I am probably one of the few people in the world that receives daily poop photos in their inbox. People are fascinated by their pet’s poop. And, in reality, you should be checking the poop status every day. Poop can tell you an awful lot about what is happening on the inside of the dog or cat. So excuse the gross factor and read on to determine what is happening inside your pet.

  • Firm, slightly moist, easy to pick up, fairly small volume – Congratulations! You’ve won the poop contest today, with perfectly formed, healthy poop.
  • Voluminous stool, fairly well formed – Most likely this pet is eating a dry kibble with a lot of fillers or grains. Kibble diets are not as well utilized by the pet, resulting in more waste passing out the back end.
  • Hard, chalky white stools – too much bone content in the raw diet or too much mineral content.
  • Small, flat stools, accompanied by straining to defecate – Something is blocking the way. In males, this could be an enlarged prostate compressing the bowel. Or the pet may have a mass in the bowel that is causing a partial obstruction.
  • Formed but soft, squishy, and hard to pick up without leaving a smear – a little too much moisture, may need more fiber or raw ground bone in the diet if you feed raw food. Could signal inflammation.
  • Not formed, soft serve custard or cow patty consistency – uh oh. Things aren’t going so well. Food is not being digested and absorbed as well as it should be. Might need to make some diet changes or add digestive enzymes and probiotics.
  • Liquid stool, no way you can pick up this one with your poop bag. Not much odor and may have undigested food particles in it – This pet is unable to digest the food well. This can be a sign of a multitude of problems, which could include malabsorption, exocrine pancreatic insufficiency, IBS, food intolerance, or small intestinal bacterial overgrowth. From a Chinese Medicine perspective, this is Spleen Qi Deficiency. The Spleen likes food to be warm, not too wet, and easy to digest. Digestive enzymes, probiotics, and warm, easy-to-digest (think crock pot) foods would be a good addition. Pumpkin would be a great addition.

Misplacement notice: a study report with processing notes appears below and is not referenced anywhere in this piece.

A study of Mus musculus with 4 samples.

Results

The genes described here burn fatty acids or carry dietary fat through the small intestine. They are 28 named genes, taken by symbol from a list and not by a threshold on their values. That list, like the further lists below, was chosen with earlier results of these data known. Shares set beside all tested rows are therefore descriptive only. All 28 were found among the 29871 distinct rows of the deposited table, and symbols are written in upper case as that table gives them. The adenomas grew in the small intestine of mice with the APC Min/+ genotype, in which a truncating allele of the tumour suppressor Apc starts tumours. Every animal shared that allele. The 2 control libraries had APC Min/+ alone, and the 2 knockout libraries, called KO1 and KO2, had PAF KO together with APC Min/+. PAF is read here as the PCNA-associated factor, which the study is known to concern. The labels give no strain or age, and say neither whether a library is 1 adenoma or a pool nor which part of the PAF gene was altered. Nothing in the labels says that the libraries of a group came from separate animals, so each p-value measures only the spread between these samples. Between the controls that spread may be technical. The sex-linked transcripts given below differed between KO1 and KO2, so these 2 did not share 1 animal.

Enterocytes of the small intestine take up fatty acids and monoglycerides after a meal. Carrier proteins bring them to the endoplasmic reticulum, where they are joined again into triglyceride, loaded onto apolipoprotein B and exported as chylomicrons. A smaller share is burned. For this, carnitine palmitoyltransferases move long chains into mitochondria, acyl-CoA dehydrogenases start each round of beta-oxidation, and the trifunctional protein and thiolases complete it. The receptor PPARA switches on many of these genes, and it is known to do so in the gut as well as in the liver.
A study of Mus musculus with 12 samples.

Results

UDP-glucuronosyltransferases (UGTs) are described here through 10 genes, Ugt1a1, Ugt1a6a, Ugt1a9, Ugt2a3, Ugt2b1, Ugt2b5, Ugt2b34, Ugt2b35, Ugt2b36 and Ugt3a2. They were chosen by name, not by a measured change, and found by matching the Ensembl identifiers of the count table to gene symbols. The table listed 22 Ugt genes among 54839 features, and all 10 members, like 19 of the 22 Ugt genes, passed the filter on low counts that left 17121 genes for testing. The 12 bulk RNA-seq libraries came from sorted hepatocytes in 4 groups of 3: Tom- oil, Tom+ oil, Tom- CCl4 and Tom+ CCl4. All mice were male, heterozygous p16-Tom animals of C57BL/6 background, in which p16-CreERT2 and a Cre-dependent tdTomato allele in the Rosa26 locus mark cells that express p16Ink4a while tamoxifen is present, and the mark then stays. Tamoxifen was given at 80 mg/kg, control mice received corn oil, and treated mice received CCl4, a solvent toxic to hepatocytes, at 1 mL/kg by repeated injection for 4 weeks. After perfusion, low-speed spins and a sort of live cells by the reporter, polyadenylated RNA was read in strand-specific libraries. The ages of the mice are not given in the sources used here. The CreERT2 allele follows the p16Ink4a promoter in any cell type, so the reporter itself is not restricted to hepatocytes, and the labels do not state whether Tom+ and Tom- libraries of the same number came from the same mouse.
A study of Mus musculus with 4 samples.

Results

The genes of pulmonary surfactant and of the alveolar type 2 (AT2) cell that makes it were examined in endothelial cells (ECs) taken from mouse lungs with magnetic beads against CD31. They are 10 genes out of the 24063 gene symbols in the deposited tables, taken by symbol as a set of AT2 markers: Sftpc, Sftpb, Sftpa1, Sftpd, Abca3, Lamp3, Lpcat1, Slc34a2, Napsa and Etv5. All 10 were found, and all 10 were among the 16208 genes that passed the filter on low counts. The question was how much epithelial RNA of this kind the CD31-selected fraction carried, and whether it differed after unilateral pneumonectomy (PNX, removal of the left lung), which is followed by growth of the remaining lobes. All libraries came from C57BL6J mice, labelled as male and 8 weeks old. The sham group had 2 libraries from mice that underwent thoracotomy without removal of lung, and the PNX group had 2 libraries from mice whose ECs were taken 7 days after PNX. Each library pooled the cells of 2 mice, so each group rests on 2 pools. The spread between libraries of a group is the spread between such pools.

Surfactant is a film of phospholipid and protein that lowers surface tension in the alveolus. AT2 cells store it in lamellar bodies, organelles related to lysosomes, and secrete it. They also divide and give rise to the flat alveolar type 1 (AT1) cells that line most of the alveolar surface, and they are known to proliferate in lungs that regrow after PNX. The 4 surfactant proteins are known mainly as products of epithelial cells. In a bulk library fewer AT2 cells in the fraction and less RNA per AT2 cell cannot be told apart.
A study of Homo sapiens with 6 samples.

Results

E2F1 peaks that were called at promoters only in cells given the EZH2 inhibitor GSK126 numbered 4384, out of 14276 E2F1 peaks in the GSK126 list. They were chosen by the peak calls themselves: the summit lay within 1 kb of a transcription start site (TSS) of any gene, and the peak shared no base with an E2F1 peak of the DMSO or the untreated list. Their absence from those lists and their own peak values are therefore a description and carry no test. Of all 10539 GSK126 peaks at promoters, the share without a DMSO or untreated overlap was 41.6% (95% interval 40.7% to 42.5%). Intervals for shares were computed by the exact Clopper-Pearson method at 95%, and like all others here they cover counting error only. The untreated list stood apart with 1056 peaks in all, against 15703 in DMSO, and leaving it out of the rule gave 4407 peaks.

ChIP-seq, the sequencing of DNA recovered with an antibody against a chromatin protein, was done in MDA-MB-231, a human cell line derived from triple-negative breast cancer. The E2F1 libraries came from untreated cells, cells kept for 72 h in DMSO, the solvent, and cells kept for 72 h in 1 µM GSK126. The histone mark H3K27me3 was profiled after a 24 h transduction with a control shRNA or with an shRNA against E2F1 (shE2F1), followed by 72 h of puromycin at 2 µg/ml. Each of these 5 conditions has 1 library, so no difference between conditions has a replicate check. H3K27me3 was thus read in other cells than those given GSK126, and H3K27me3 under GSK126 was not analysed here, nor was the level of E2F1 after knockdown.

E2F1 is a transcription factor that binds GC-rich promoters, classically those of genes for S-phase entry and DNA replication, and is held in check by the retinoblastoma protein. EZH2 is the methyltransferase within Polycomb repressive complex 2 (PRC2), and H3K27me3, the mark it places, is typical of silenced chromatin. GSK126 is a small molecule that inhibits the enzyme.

• Liquid stool with very foul odor and blood – Trouble has arrived. This pet has inflammation, big time. Bad bacteria, parasites like Giardia, or some other infectious agent is most likely present. This is the diarrhea seen with colitis, parvo virus, and HGE. These are the pets that will likely need antibiotics like Metronidazole, if you use traditional medicine therapies. A cooling diet is needed here. Fasting the pet for 24 hours to allow things to calm down would be a good idea.
  • Greasy stool that is soft – probably means there is too much fat in the diet. The pet is not digesting the fat, so may signify gall bladder issues, as well.
  • Stool with mucous or encased in a shiny mucous casing that looks like a sausage – definitely have inflammation in the bowel. This can be seen in pets with IBD or as an early warning sign that things are literally, heating up. One of the ingredients in the diet may not agree with the pet.
  • Worms in the stool – This one is easy. Take a stool sample to your veterinarian and ask for treatment.
  • Black or tarry stool – This indicates bleeding in the stomach or small intestine. This is not a good sign. Have your pet seen immediately. Ulceration, perforation, bleeding masses, or internal bleeding from a toxin or hemorrhagic disease may be the cause. This can be life threatening.